Within the EU, Germany is India's main trading partner and its sixth most important trading partner worldwide. Conversely, India was in 23rd place for Germany last year. While the extent of the second wave of Covid-19 in April/May 2021 and the associated human suffering shook us, the international aid measures and the increasing number of vaccinations in India will hopefully lead to an improvement in the situation for the local population in the near future.
In spite of the pandemic, India is increasingly becoming an another relevant market for German companies, the potential of which has barely been tapped: The volume of trade between Germany and India is currently equivalent to less than 10% of the trade volume between Germany and China.
According to the survey of German companies in India performed jointly by KPMG Germany and the Indo-German Chamber of Commerce (AHK India) between February and April 2021, a profitable year in 2021 is expected despite current economic uncertainties. Two thirds of companies surveyed (66%) anticipate rising revenues, with one in six expecting growth of more than 20%. At the same time, around half (49%) of the companies surveyed also expect higher profits compared with the prior year.
The medium-term perspective is even more optimistic: 89% of those surveyed forecast higher revenues for the next five years, with 71% forecasting rising profits.
The surveyed companies were more restrained with regard to investments and the expansion of staff. Well over half of the companies expect unchanged or even declining figures in this regard for the current year. By contrast, 36% of companies intend to invest more and 37% aim to hire more staff in 2021.
Despite all challenges, India will have the world's largest middle-class population in terms of numbers by 2025, offering numerous opportunities for German companies. The majority of respondents value growing domestic consumption (84%) and high revenue potential (81%) due to demographic change and rising incomes. Two-thirds of respondents (65%) cite the availability of a well-educated workforce, due in part to the large number of university graduates, as advantage.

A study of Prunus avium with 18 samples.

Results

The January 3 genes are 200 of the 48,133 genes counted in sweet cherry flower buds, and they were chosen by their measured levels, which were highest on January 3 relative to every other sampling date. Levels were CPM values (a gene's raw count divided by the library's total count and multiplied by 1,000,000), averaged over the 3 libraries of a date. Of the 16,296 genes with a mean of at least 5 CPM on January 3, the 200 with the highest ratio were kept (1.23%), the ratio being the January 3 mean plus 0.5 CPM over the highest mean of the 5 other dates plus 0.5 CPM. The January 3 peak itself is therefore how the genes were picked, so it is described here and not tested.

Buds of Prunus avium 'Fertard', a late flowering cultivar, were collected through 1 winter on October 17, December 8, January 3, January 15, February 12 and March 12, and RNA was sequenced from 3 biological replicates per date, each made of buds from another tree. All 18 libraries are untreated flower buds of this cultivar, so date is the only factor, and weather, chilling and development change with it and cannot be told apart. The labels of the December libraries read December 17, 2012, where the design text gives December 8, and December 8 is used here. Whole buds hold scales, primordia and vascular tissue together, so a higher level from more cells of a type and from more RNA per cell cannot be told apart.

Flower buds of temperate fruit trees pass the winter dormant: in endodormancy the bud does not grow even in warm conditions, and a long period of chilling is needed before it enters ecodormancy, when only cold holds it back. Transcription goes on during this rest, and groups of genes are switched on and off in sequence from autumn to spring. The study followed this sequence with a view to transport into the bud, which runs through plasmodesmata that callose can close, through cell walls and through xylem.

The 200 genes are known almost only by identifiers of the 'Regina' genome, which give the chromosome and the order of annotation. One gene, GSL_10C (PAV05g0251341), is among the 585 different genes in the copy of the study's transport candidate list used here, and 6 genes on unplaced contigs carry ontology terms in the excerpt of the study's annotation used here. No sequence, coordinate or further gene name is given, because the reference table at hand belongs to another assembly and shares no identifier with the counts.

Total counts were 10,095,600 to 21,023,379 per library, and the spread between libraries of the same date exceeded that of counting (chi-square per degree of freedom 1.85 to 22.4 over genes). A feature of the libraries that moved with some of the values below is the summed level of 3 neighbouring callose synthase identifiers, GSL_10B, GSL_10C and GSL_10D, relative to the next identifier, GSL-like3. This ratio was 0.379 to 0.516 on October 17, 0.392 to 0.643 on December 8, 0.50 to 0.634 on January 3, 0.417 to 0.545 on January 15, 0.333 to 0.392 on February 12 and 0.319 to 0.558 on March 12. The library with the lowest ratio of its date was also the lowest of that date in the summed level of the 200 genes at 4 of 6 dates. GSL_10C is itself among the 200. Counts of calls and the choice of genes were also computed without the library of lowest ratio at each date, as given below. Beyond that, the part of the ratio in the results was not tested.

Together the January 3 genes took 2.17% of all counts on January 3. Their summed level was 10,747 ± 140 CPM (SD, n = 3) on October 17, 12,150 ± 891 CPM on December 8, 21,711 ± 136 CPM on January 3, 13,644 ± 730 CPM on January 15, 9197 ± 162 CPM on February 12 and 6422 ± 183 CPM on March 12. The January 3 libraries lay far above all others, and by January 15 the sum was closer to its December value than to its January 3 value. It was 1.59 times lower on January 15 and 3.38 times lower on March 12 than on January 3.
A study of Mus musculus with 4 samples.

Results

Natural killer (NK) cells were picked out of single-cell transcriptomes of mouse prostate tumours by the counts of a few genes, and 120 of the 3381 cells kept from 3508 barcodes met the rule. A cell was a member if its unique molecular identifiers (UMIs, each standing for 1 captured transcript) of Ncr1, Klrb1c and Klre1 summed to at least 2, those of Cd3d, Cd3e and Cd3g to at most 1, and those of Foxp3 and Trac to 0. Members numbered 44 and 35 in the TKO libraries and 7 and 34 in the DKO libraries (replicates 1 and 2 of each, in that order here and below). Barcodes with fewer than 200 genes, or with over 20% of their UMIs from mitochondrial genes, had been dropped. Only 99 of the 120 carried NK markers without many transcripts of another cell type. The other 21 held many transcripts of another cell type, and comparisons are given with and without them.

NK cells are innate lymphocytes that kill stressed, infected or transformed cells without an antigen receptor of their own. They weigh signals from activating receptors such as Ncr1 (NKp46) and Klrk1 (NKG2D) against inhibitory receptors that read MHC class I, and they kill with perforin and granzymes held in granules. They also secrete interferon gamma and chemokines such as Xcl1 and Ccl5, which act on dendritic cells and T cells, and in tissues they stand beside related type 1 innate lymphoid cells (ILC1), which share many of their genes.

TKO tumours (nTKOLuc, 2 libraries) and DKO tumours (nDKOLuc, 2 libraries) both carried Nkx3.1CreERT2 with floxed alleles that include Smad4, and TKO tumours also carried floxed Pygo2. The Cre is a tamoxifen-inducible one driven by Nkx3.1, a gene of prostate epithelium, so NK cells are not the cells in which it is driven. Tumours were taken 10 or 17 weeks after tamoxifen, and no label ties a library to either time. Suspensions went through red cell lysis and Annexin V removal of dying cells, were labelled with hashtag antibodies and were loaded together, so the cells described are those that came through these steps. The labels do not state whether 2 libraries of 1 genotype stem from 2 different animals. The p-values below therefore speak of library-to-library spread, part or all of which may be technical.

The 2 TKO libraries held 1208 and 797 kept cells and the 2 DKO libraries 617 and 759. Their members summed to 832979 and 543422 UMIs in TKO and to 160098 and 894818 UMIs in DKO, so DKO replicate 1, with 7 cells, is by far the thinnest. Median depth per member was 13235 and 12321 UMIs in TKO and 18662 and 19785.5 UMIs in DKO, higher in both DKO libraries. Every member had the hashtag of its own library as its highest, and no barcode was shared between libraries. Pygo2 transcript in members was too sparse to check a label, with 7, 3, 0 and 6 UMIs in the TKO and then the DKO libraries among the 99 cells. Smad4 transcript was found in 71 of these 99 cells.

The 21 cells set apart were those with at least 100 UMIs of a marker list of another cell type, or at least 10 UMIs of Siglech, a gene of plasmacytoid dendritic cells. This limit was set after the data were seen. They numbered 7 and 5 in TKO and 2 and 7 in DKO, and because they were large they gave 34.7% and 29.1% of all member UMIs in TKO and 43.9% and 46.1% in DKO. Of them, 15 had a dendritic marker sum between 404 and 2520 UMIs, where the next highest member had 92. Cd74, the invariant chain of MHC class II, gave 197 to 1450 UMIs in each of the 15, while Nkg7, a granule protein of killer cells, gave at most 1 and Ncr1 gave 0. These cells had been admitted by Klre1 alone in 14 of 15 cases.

Low production costs due to the low wage level and government incentives for foreign direct investment are rated as opportunities by more than half of the respondents (54% and 52%, respectively).
81% of respondents see a positive trend in the further development of infrastructure in India, one of India's most important areas of development. The need for action is underscored by the fact that only 2% of respondents consider that a sufficiently developed infrastructure has already been achieved.
Three quarters of respondents (74%) also expect major positive effects from the continued digitalisation of industry. "Digitalisation has been boosted massively by the coronavirus pandemic in India and Germany. We receive inquiries almost daily from German companies in the IT sector that intend to establish a branch in India or are looking for collaboration partners." summarises Stefan Halusa, Managing Director of AHK India. "German SMEs in particular should open up to the Indian market even more actively in the future."
Those surveyed by KPMG and AHK India described the reliability of their business partners as the most significant advance: three out of four companies see advances here - in some cases major advances. 67% of companies consider the further development of Indian democracy and the political environment in India to be positive. Only one in ten companies reported setbacks in this regard.
German companies face a number of serious operational challenges in India. 59% of respondents see Indian bureaucracy and its various administrative hurdles as a major obstacle. Despite significant improvement in recent years, these issues still persist, especially outside of the main business hubs/centres. 43% of respondents named foreign currency risks as a key challenge. Almost as many rate corruption as one of the three biggest problems for their company (38%).
The complexity of the Indian tax system, legal uncertainties and unclear regulatory frameworks, often in connection with a lack of or lengthy legal enforcement, are perceived as major operational difficulties by more than a third of German companies (36% and 34%, respectively).
"Despite the unmistakable improvements in the business environment for German investors in India in recent years, there is a lot to be done in terms of governance, the legal framework and a reduction in bureaucracy before India approaches the attractiveness of China," says Andreas Glunz (KPMG).
All results of the German Indian Business Outlook you can download here.